Homesick with students (Late internet post 2)

Homesickness is really exacerbated by lack of internet…

This week started rough and ended ok, shortly after being really rough. In my experience, as Susannah, my emotions tend to build up until a breaking point, I have a meltdown of sorts, and then I feel great. That happened this week with my homesickness.

My job is exhausting. I teach different levels of english to different levels/ages of students. Many of the levels are determined based on age, not skill level. the justification behind this is to make sure that the textbook content is interesting to the student, regardless of level of understanding. I get that, really I do, but I think even there I have found many failures. Take for example the lesson where my Japanese equivalent to 8th graders was meant to learn the song, “Hush Little Baby” in order to learn about rhyming. I made up a new lesson so I only had to briefly make them sit through that, instead of having it be the main focus of the lesson… This sort of thing has already happened a few times since I started this job…

My day starts around 12, because in Japan it is very important to get to work before work starts. Usually at least 20 minutes, or else you would be considered verging on late. At 1, I usually have a class with very young kids, ranging from 2 – 5 years old. This isn’t a problem most of the time, since the 2 year olds have their own class. I had a 2 year old make up a class with 5 year olds, and that was… interesting.

My 2 year old kept saying in Japanese how fast Sensei was going and how early I was with all the activities compared to when it is just her normal class. Also, one thing 2 year olds can’t do that 5 year olds can is share. When it came time to the yummy activity, in which the kids get to sort “yummy” and “yucky” foods, the 5 year olds were not happy about how the 2 year old compulsively will take a strawberry, onion, and lettuce for herself. Kids seem to really love prying things out of each others’ hands… I’ve been trying to teach putting out your hand, pointing to it, and saying, “Please.”

The younger kids are fun, and easy to amuse. If I run out of activities, I have taken to just having them run back and forth with certain gestures and movements that I assigned to short English phrases, such as, “One-legged octopus.” They also love to literally crawl all over me.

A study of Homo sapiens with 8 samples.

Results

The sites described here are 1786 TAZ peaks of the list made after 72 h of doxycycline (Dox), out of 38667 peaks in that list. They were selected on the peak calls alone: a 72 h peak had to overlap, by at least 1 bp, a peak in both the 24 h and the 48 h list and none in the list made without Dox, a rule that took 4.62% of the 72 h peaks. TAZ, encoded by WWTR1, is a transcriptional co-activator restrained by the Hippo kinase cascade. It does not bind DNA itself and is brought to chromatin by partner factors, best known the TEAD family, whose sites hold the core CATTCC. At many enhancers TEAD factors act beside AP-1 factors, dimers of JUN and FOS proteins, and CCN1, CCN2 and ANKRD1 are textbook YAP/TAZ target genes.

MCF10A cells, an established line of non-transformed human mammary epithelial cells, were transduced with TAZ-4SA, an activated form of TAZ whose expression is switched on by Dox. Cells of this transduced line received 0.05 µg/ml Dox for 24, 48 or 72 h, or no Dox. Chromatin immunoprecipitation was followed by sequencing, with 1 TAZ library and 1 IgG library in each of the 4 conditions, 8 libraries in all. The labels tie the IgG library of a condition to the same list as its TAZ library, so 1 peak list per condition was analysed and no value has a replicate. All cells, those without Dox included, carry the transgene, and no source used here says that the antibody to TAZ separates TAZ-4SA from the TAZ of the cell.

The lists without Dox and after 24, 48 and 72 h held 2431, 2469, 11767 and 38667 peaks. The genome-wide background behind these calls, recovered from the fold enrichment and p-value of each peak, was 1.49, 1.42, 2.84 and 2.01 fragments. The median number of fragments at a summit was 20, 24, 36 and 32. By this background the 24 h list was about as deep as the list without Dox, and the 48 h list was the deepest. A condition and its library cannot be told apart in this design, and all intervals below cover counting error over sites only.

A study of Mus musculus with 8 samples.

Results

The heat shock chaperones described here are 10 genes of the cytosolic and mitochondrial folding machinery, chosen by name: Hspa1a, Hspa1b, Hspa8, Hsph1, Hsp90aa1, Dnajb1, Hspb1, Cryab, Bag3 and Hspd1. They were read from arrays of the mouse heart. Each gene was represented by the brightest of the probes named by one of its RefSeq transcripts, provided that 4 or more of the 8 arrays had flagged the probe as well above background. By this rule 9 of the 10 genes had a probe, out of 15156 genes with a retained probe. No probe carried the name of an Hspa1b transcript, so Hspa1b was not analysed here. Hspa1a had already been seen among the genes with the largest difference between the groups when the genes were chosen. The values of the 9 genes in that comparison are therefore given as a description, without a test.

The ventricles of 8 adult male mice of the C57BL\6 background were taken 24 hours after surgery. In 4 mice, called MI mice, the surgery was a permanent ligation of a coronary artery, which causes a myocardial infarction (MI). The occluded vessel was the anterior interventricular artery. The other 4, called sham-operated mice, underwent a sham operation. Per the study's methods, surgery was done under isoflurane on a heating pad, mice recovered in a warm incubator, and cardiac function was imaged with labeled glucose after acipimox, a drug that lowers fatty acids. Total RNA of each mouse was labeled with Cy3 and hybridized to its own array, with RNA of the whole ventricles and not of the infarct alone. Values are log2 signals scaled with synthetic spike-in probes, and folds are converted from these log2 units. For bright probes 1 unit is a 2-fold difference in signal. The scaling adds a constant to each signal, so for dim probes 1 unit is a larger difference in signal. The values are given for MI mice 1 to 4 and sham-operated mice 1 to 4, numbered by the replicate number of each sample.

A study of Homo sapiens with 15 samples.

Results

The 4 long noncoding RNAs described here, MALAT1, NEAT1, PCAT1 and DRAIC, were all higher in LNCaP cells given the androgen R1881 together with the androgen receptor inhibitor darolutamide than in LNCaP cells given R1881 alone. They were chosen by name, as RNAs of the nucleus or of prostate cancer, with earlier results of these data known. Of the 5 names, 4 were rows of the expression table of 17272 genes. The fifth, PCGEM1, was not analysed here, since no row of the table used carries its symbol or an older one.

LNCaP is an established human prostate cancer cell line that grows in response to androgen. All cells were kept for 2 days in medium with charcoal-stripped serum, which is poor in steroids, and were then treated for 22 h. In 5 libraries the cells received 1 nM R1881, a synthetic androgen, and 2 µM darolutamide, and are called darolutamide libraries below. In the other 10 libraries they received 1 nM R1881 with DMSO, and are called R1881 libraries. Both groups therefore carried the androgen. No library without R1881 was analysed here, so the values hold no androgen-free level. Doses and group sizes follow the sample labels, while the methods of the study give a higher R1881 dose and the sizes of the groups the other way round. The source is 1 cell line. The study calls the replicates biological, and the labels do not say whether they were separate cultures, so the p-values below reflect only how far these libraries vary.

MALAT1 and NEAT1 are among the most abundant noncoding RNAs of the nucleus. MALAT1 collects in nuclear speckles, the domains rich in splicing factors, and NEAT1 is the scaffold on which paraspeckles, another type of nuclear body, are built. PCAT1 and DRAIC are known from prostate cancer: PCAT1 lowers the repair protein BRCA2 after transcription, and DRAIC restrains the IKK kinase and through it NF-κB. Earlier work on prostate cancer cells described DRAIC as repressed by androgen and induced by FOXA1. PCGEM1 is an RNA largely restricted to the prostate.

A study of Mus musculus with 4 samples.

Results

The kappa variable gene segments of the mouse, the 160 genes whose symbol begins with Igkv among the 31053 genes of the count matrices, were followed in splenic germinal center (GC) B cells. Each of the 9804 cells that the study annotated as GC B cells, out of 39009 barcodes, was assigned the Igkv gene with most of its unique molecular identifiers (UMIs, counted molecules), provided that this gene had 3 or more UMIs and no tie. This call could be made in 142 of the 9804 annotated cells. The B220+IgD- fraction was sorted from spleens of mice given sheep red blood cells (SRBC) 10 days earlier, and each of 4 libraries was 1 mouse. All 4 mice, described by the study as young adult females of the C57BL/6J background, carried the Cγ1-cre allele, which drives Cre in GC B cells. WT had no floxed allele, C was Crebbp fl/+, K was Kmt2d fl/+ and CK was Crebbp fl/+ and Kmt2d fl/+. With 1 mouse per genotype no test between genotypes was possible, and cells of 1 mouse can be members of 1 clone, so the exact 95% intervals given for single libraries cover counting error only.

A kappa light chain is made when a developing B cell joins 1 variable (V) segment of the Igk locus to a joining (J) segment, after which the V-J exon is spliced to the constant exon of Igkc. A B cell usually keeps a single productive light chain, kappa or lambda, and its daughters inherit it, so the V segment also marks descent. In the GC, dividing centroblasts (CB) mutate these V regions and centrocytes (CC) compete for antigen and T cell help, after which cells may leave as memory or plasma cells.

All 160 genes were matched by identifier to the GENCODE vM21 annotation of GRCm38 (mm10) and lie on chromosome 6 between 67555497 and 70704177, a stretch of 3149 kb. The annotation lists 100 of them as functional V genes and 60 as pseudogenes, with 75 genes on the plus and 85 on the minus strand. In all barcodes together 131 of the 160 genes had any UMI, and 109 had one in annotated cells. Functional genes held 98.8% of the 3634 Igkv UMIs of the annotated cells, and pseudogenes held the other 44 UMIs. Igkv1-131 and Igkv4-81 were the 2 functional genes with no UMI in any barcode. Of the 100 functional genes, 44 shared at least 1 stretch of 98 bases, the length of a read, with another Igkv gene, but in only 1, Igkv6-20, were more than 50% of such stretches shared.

The main reason that my job is exhausting is not just the preschoolers; it’s because I only have 1 class of preschoolers a day. I then, sometimes right after, will have an adult class, then a 1st/2nd grade class, then a 4th/5th/6th grade class, and so on. I teach from age 2 to age 69 in a matter of hours, which is awkward when sensei is sweating bullets from all of the one-legged octopus races and she now has to sit down and be civilized.

Overall I like my students and they seem to be responding well to me. I’ve enjoyed learning how to make each age group open up and feel at ease. One thing I have found pure joy in is starting off my Junior high lessons normally, where we go over language and I make sure that they get the trend. Once that is clear, and their eyes glaze over, I throw in some random vocabulary to catch them up. One example of this is when I was teaching the use of should/shouldn’t to a group of students that was dead set on hating me because I was new.

Me: “Should you brush your teeth?”

S1: “Yes, I should brush my teeth.”

Me: “Should you eat breakfast?”

S2: “Yes, I should eat breakfast.”

Me: “Should you eat babies?”

S3: “Y– EH?! Eh?! NANI?! (WHAT?!)”

Me: “Should you eat babies? Ya know? Waaa waaa! Chomp!”

S3: “N-no! Shouldn’t–”

Me: “I shouldn’t…”

S3: “I shouldn’t eat babies!”

Me: “Good! Good job!”

I love the initial surprise they have and then watching them slowly smile with every new level of oddity. For that example class, I asked them whether they should fight yakuza, eat spiders, and eat Australia, among other things. Whenever I saw them throughout the week, I would always ask them if they should eat babies and they would get a sly smile before they responded. One of my students (whom is 12 years old) is so used to these questions because for two weeks straight he has been the only one in the class. We tend to only ask each other crazier and crazier questions and then supply random funny answers. It’s even better because he is very quiet and maybe a bit shy as well.

My 8th grade class (of which I sadly only have one) is really fun because they get it and role with it. When we were learning “Funny ‘If’ statements” I set up a basketball game with sentence starters like, “If I had ¥100,000,000,000 I would…” or “If I built a house without wood or metal, I would use…” and every basket  made, the student had to complete that sentence. The house one was great because I ended up having houses made from chocolate, cookies, plastic, and leaves, with two houses made out of bones and people.

***

This whole post morphed from my homesickness to talking about my students, which is maybe a good thing. I guess many of my classes help me forget about my own current ennui at being in a new place with little communication with the world I knew before and few things to do outside of work and shopping. But soon that will change. We even received a package in the mail with some of the hardware for our new upcoming internet!